Search Results for: ban bloodsports

Hen Harriers return to Wharfedale moorland

Well, well, well. Who could possibly have predicted this etc etc. In what must be one of grouse shooting’s worst-case scenarios coming true, a previously ‘dead’ moorland that banned grouse shooting activities (ie high levels of raptor persecution and rotational burning) has reportedly sprung back to life, birds of prey have started to roost, and peatland habitats have begun to regenerate. After all the time and money grouse shooting’s lobbyists have spent telling us that without the skilled management techniques (ie high levels of raptor persecution and rotational burning) of the ‘conservationists with guns’ Britain’s uplands would simply curl up and waste away…Nonsense, of course. Kudos NG Bailey, and kudos the Yorkshire Post and journalist Grace Newton for continuing to speak up for wildlife in a region that has repeatedly been acknowledged as the worst for raptor persecution in the UK


The RSPB is today launching a website where members of the public can submit their records of managed burning in northern England’s uplands as part of showing the Government where burning is still taking place. The charity will then analyse the records to see if they’re likely to be on peat soils (to indicate where blanket bog should be) and in protected areas (SSSIs, SACs). An IUCN report on peatland estimated that the UK may host between 8.8 and 14.8% of Europe’s peatland area and about 13% of the world resource of blanket bog. They state that though blanket bog has a species-poor assemblage it “contains an exceptionally high proportion of species with legal protection under UK and European conservation law“. Blanket bog forms the largest expanse of semi-natural habitat in the UK, but almost three quarters of peatlands in England are already damaged or degraded, according to Natural England, with burning a key driver.


In what is starting to look like a flood (one, ironically, caused just like the downstream floods in eg Hebden Bridge by gamekeepers), yet another council in northern England has backed plans to ban the burn – the routine destruction of the uplands to engineer habitats to allow shooters to kill more grouse. Kirklees, a local government district of West Yorkshire on the edge of the Peak District ‘national park’ (a notorious raptor persecution hotspot), joins Wakefield, Sheffield, York, Doncaster and Calderdale Councils in calling for a ban. The call comes as the grouse moor burning ‘season’ opens again, with a considerable area of grouse moors in the Wessenden Valley expected to begin being set on fire by shoots. Yesterday the RSPB again renewed its own call for peatland burning to stop to protect scarce habitats and wildlife.


“No-one seems to know about it…”, says Channel 4 News reporter Alex Thomson as yet another grouse shooter on The Duchy of Lancaster’s Goathland Moor walks away claiming to know nothing about the illegal killing of a Goshawk by a gamekeeper on the very same moor just a few months ago. The superb Raptor Persecution UK popularised the term ‘wilful blindness’ to characterise the head-in-the-sand attitude of the entire shooting industry when confronted with wildlife crime and boy was it ever on show last night…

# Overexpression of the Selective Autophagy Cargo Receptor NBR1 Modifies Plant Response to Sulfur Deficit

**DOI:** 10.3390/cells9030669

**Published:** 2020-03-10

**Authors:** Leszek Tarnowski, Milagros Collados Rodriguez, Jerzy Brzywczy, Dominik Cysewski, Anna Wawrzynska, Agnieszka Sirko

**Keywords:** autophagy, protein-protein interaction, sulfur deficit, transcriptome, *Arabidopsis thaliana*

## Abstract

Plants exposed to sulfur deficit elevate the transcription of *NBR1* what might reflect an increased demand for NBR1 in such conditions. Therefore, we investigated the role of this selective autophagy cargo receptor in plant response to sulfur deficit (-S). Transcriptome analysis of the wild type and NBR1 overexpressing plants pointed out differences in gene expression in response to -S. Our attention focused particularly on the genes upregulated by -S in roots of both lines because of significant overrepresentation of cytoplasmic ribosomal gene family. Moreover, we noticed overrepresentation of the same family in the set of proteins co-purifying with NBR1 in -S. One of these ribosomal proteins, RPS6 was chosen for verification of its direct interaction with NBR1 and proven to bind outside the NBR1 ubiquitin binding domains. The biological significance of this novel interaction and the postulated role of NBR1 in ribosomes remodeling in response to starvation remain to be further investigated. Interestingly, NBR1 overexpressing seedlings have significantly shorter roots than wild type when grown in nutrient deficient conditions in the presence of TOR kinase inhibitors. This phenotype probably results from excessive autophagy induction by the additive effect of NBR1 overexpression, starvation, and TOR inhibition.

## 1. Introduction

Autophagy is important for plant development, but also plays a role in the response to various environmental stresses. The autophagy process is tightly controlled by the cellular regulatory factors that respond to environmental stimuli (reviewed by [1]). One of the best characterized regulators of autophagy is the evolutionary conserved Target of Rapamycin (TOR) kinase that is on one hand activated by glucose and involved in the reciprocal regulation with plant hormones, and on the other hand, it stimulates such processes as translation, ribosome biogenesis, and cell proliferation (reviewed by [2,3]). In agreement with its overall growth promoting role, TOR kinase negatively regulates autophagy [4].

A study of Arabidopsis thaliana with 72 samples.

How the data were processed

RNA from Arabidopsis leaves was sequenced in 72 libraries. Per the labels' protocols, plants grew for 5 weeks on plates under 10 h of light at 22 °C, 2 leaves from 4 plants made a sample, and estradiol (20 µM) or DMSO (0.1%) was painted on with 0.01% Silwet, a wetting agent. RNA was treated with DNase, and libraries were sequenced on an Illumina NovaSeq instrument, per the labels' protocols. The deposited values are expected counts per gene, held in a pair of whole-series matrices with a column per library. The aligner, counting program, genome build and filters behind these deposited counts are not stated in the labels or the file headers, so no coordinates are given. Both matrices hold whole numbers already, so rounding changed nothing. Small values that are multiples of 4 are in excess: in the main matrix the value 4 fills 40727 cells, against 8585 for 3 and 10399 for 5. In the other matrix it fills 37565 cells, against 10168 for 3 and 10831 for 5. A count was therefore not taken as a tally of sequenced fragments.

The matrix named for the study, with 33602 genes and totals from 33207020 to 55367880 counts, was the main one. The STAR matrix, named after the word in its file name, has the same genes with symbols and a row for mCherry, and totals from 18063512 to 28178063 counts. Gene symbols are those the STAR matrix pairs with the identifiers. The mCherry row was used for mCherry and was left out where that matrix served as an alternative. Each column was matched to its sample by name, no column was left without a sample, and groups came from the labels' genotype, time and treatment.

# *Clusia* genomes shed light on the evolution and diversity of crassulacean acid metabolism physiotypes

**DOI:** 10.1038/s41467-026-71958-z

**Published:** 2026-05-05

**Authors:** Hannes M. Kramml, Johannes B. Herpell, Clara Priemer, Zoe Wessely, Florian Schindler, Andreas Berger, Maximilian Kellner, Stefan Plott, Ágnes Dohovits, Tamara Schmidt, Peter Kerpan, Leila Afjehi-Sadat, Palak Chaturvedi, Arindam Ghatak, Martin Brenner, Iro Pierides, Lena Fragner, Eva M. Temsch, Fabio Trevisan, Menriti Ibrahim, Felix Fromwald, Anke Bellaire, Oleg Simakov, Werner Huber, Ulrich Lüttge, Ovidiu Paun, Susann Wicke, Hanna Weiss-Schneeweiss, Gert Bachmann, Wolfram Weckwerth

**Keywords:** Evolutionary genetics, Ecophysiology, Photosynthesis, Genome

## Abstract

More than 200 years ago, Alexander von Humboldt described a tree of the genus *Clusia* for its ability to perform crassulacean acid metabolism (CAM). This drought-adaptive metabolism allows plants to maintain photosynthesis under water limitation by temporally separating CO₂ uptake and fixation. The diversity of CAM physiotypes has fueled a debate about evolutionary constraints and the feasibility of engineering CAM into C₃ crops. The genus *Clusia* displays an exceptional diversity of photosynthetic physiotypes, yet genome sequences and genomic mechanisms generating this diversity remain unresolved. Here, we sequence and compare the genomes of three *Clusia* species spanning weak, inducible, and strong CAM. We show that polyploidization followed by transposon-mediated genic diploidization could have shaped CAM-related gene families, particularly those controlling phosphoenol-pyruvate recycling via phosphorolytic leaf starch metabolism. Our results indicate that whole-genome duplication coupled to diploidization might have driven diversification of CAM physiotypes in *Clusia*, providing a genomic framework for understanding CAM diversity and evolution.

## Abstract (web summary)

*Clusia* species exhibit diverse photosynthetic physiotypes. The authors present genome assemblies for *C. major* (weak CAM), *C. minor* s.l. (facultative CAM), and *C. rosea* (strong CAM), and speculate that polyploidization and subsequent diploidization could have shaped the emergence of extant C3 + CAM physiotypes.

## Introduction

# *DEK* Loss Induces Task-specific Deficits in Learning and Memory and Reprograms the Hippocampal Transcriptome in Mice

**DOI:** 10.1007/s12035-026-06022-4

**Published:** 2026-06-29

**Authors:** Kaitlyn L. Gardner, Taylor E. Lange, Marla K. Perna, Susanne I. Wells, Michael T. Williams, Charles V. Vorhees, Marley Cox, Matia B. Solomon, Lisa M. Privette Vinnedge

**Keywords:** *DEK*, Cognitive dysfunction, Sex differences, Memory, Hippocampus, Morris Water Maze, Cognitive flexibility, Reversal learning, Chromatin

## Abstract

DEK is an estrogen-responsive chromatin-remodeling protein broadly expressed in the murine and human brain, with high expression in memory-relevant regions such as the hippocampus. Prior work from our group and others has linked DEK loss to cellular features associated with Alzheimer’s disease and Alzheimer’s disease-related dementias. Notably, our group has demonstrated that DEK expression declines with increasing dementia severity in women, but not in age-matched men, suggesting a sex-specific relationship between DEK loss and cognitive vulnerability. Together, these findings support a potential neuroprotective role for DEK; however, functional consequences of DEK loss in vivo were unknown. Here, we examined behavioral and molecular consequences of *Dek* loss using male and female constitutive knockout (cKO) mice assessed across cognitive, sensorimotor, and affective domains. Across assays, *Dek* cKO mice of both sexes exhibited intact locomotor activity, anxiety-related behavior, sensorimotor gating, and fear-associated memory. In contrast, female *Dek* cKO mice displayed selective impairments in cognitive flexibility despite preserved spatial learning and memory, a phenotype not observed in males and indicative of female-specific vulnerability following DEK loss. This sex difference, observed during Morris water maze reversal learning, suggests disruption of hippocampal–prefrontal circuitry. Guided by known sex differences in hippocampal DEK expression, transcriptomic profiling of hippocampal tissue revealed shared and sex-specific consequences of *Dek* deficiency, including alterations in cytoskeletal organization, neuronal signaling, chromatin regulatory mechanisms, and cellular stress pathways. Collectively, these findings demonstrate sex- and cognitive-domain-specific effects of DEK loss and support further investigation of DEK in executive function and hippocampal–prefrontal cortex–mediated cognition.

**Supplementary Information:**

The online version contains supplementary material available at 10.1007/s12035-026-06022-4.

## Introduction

In the last two weeks both Wakefield and Calderdale Councils have announced their intentions to push for a ban on burning moorland within their boroughs. Now the democratically-elected Mayor of Doncaster, Ros Jones CBE has written to the government urging Defra to deliver the burning ban “to help stop flooding in communities on the River Don”. Given the major floods in Fishlake and Doncaster, which sit downstream from the Peak District, at the end of last year, this request can only put more pressure on the government to act.


The media stories triggered by the filming of a ‘masked man’ killing a Goshawk, one of the UK’s rarest and most persecuted birds of prey, continue to build. Today the Yorkshire Post is reporting that three gamekeepers have been suspended (note ‘suspended’, we discuss this in the full post). Firstly though, Goshawks are routinely killed on shooting estates, so why has this bird made the headlines?
Four elements stand out that have probably helped this particular case gain traction…


A couple of days ago news broke that a ‘masked man’ had been filmed killing a Goshawk on an estate in North Yorkshire. At the time the name of the estate was being withheld as a story was being prepared for a major newspaper. That voluntary embargo has now been lifted. An article with an accompanying video was published just after midnight this morning in The Times which was headlined “‘Killing’ of rare bird of prey filmed on one of Queen’s grouse moors in North Yorkshire”. The incident took place at “Goathland Moor in North Yorkshire, part of the Duchy of Lancaster”.


Recently the Royal Society for the Protection of Birds (the RSPB, once the UK’s only wildlife charity focussed entirely on birds, but now promoting itself as the organisation that gives nature a home – so the Royal Society for the Protection of Biodiversity perhaps?) held a consultation on so-called ‘gamebird shooting’ – the use of – er, birds as target practice. They have drawn up seven draft principles, ostensibly to help determine whether/how the RSPB should review its policy on game bird shooting and associated land management.